Take a ‘fresh’ look at transition cow nutrition

Wisconsin State Farmer


Minimizing stress during a cow’s transition period by managing the environment surrounding her is always top-of-mind. Beyond the external environment, it’s just as critical to understand how to support a fresh cow internally, through proper transition cow nutrition.

“Understanding the specific nutritional needs of fresh cows gives us the opportunity to fully unlock potential milk production,” said Jeff Tikofsky, dairy nutritionist with Purina Animal Nutrition.

When formulating fresh cow rations, here are four insights into how you should be examining the diet differently:

1.    Instead of crude protein, focus on the numbers that help manage the protein fractions in the ration. Understand the rate and extent of protein digestibility of what is available as this helps to predict how much metabolizable protein will be supplied to the fresh cow, and therefore available for milk and milk protein production.

2.    Rumen function research has increased the understanding of neutral detergent fiber digestibility (NDFd) and indigestible NDF or uNDF. Forage samples should no longer be evaluated on just how much acid detergent fiber (ADF) and NDF they contain. Make sure you know the NDF digestibility at different time points and uNDF in order to more precisely evaluate the fiber’s value in the transition cow’s diet and understand the potential energy contribution of that feedstuff.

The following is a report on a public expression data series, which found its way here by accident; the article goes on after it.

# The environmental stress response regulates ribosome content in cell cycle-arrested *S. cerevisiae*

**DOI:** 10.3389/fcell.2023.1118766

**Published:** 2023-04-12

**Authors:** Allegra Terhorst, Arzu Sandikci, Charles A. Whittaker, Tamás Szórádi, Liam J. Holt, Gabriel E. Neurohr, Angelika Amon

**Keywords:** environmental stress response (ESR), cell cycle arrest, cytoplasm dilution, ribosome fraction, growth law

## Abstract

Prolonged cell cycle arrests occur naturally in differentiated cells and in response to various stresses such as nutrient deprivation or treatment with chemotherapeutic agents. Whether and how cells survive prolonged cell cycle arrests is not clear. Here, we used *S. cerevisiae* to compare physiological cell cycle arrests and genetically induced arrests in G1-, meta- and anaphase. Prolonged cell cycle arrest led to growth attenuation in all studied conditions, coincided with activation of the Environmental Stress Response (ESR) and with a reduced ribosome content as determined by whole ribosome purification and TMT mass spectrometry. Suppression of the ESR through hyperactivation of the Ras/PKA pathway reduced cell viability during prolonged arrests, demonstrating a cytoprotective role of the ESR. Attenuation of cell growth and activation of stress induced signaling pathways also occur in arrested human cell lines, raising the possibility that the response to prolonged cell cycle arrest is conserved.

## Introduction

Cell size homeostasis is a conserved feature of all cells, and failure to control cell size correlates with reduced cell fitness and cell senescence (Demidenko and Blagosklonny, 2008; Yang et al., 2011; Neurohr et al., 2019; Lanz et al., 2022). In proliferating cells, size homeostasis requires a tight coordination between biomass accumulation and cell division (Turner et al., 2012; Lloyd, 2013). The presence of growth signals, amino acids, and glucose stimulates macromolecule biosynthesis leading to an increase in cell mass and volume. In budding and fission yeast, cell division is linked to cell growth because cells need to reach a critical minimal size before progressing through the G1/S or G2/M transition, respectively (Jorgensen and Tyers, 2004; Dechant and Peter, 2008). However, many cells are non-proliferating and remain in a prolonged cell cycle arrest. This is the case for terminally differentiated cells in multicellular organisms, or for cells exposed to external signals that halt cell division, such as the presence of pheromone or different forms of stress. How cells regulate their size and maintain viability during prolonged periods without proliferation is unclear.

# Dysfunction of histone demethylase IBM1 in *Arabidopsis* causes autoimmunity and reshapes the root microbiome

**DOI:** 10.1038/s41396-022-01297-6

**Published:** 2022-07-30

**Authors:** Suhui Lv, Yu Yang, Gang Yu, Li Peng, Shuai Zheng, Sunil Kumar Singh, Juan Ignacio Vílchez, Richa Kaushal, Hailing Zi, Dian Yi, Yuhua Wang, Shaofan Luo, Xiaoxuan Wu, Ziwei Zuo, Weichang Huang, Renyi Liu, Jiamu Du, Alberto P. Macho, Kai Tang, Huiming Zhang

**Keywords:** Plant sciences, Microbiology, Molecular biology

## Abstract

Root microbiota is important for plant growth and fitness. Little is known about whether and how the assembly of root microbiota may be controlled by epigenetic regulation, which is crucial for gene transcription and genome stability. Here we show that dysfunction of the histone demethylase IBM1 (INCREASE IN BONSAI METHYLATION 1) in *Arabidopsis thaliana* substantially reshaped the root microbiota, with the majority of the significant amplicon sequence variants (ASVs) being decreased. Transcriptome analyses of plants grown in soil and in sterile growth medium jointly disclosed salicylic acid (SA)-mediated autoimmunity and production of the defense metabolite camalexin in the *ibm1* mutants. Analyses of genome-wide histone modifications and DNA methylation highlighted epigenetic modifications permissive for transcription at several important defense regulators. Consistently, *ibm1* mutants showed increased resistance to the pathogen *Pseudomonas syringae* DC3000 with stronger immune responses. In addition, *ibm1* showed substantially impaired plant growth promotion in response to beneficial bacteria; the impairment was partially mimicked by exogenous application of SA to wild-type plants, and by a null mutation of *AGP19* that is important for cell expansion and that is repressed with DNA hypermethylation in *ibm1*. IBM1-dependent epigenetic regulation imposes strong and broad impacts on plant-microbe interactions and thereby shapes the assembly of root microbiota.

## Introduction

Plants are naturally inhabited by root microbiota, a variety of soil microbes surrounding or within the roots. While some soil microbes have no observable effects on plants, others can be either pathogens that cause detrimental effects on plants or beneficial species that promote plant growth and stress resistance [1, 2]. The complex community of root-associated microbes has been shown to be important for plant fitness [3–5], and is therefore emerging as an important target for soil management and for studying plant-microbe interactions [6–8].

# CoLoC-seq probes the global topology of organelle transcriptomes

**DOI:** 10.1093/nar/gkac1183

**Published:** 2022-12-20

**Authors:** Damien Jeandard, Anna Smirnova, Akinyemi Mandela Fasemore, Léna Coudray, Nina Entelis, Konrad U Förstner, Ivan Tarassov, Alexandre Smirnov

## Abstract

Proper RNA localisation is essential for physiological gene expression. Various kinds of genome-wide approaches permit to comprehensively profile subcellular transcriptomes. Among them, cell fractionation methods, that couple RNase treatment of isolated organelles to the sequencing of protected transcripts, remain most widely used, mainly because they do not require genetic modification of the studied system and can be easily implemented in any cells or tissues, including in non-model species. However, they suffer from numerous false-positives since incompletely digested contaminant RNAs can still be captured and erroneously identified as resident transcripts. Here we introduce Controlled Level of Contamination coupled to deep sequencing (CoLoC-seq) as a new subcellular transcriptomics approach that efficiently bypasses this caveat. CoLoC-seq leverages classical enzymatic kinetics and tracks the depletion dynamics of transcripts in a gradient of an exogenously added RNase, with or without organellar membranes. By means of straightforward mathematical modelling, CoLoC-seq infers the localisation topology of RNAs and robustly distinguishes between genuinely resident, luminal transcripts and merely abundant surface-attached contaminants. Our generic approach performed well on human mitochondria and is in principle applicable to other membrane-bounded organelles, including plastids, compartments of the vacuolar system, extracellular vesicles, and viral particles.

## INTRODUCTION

3.    Starch as a percent of dry matter has been an important number in forage analysis for years. Instead of only looking at starch content, understand how degradable that starch is and how quickly it will ferment in the rumen. This is especially important for fresh cows because of their low dry matter intake. They need a certain amount of starch and fiber to manage glucose demand and stay healthy, so it is important to include more quickly degradable starches.

4.    Cows need to have the right balance of the different types of fatty acids in their diet to manage energy balance and milk fat production. Research has shown that Omega 3 fatty acids fed to fresh cows can increase milk production.

“By having a better understanding of the nutrition they need, we can get fresh cows off to a good start and optimize cow health and performance,” Tikofsky said.

It's critical to understand how to support a fresh cow internally, through proper transition cow nutrition.

For more information, contact Jeff Tikofsky at jntikofsky@landolakes.com, or visit www.purinamills.com/dairy-feed.

For additional information on dairy nutrition and management, sign up to receive the monthly Purina® HERDSMART® emaila free online tool to improve operational efficiency, by visiting purinaherdsmart.com.

Because of factors outside of Purina Animal Nutrition LLC’s control, individual results to be obtained, including but not limited to financial performance, animal condition, health or performance cannot be predicted or guaranteed by Purina Animal Nutrition LLC.